Friday, November 18, 2016

Does the Democratic Party even want to win?

Senate in session
Watching the post-election behavior of the Democratic Party, I’m left wondering if the party ever really wants to win. While it seems crazy to question Democrats’ desire to win, they are not at all behaving as one would expect a group to when faced with a seriously unfair system. They are sure not behaving like a party that lost solely because of arcane rules, even after winning the popular vote for President, House and Senate. There are numerous things the Democratic Party could do to fix this situation, but so far they haven’t even tried.

Electoral College
Twice in my modest lifetime, the arcane and idiotic electoral college has denied the presidency to the person that the most Americans voted for. Yet the Democrats have made no serious party commitment to eliminating this unpopular institution. Even though making the electoral college a relic of the past could probably be accomplished for less than 1/20 of what was just spent on the Clinton campaign, the party has yet to step up.

The growing urban-rural divide continues to push the Senate towards favoring the Republicans. One step could both address this imbalance and fix the injustice in the District of Columbia, where more than 600,000 people pay federal taxes without representation: granting D.C. statehood. Yet when faced with the opportunity to do just that in 2009, President Obama instead went out of his way to ignore the issue.

House of Representatives
The House is the branch of government which was specifically designed to most closely reflect the public, but in the past several elections it has failed terribly at this task. Thanks to the fact that Democratic voters are increasingly being packed into districts, the Republicans can win control of the House with dramatically fewer votes, which makes a mockery of our democracy. There are numerous ways to solve this problem with multi-member districts, but as of yet there is no real push in the Democratic Party for any of them.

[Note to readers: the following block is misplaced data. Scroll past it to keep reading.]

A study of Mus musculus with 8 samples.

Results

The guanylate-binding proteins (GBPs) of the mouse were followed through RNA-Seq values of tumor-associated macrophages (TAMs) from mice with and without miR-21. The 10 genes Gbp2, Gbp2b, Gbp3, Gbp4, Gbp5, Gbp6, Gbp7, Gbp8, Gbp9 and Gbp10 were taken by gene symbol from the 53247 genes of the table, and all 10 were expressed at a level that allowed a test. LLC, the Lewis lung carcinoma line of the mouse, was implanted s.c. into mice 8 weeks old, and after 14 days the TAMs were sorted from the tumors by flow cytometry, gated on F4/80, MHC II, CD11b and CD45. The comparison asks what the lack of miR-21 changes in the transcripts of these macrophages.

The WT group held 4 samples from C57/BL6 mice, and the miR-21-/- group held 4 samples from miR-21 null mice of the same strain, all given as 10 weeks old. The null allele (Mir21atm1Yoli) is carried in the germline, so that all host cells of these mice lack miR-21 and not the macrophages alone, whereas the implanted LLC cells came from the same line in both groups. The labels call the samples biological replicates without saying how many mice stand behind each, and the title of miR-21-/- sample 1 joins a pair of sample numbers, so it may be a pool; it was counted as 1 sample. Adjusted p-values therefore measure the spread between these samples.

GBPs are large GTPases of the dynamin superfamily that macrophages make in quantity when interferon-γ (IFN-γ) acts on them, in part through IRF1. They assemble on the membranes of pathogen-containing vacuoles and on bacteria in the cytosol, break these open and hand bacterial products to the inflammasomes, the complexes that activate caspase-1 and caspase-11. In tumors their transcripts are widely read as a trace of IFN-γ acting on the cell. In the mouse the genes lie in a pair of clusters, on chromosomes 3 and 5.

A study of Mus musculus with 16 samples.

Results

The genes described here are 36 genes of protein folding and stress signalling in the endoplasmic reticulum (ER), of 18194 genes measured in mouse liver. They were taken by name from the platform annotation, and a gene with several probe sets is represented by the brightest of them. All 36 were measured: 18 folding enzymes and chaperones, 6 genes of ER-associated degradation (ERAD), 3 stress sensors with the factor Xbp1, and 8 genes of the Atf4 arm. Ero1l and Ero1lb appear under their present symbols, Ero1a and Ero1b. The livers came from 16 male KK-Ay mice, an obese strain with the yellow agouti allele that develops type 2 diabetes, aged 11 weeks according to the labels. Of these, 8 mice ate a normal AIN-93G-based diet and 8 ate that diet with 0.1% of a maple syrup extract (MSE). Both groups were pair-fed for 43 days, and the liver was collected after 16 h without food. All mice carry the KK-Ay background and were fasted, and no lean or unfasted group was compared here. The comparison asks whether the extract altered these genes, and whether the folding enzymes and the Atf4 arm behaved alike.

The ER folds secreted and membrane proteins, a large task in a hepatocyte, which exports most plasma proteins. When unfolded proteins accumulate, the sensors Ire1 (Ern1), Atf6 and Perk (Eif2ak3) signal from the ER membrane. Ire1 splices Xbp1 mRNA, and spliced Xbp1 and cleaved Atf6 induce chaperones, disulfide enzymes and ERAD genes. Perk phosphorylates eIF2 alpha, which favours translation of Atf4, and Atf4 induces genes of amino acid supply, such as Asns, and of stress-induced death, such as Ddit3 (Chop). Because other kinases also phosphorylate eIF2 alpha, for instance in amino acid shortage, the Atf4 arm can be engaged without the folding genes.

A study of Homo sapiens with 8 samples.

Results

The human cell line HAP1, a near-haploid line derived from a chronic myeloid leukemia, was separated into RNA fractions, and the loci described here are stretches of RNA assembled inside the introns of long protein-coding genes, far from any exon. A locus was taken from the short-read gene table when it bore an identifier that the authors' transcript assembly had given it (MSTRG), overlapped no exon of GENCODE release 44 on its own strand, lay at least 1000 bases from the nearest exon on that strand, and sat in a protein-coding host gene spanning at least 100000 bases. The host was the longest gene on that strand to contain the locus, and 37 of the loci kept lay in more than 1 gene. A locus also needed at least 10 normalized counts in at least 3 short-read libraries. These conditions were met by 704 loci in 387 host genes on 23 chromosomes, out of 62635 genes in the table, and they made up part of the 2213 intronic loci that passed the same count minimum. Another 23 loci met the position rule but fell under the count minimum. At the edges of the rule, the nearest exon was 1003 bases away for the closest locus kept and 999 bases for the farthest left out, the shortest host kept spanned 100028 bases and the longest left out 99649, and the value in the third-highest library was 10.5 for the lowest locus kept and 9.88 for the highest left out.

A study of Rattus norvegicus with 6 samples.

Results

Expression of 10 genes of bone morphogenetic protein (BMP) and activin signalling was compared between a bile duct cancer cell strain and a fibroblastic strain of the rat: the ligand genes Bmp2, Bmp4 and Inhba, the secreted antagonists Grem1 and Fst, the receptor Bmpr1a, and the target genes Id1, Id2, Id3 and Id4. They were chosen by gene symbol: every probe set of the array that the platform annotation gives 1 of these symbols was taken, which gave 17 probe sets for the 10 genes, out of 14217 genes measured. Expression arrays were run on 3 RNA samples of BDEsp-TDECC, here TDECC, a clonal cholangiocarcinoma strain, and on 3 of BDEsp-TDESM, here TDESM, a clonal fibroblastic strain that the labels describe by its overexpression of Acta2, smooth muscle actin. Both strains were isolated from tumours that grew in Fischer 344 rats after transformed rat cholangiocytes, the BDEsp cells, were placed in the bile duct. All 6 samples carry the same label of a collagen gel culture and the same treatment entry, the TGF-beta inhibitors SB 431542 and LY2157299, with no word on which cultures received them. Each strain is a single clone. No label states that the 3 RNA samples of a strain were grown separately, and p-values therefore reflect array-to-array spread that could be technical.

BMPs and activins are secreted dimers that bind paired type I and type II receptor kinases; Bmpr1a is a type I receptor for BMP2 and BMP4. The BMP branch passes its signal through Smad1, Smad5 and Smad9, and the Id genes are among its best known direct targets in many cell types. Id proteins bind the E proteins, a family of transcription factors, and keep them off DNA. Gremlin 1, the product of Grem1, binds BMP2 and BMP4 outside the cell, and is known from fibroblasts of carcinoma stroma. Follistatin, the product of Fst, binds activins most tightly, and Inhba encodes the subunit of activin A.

Third Parties
Again, twice Democrats have complained that votes for third party candidates cost them an election (although I question the idea that Gary Johnson voters would have gone for Clinton). Yet the party has done almost nothing to fix the problem. The recent success of Maine’s Ranked Choice Voting Initiative shows there is real way to deal with it.

The future looks bleak for Democrats
Being a futurist is about looking past the current moment to try to predict how all big trends will fit together. Democrats have long comforted themselves with projections that a growing Hispanic population will secure their future, but they have ignored all the other trends going against them.

The reurbanization of America has created real problems for Democrats, and these problems are likely to grow. As more people live in large cities, it becomes easier to gerrymander districts to pack all of the Democrats into just a few districts. It means the Senate and the electoral college will continue to skew Republican. In the recent presidential election, Trump gained the most in the rural places where the population has been declining. If the trend continues, the gap between how people vote and who wins could grow much worse.

Structural reform may not seem like the sexiest issue, but pushing the fact that the system is rigged and unfair can truly galvanize people. It worked for Trump and the Republicans when they complained about “voter fraud,” even when it wasn’t real. If Democrats want to win, they need to advocate for what it takes to win, and so far they haven’t.

These rule changes would help Democrats in the mid-term, but they are not a guarantee of holding power forever. The pendulum of American politics will continue to swing; these changes would just mean that it wouldn’t take a massive swing the left to put Democrats in power. It would also force the GOP to eventually change their message to help address the needs of an increasingly urban population.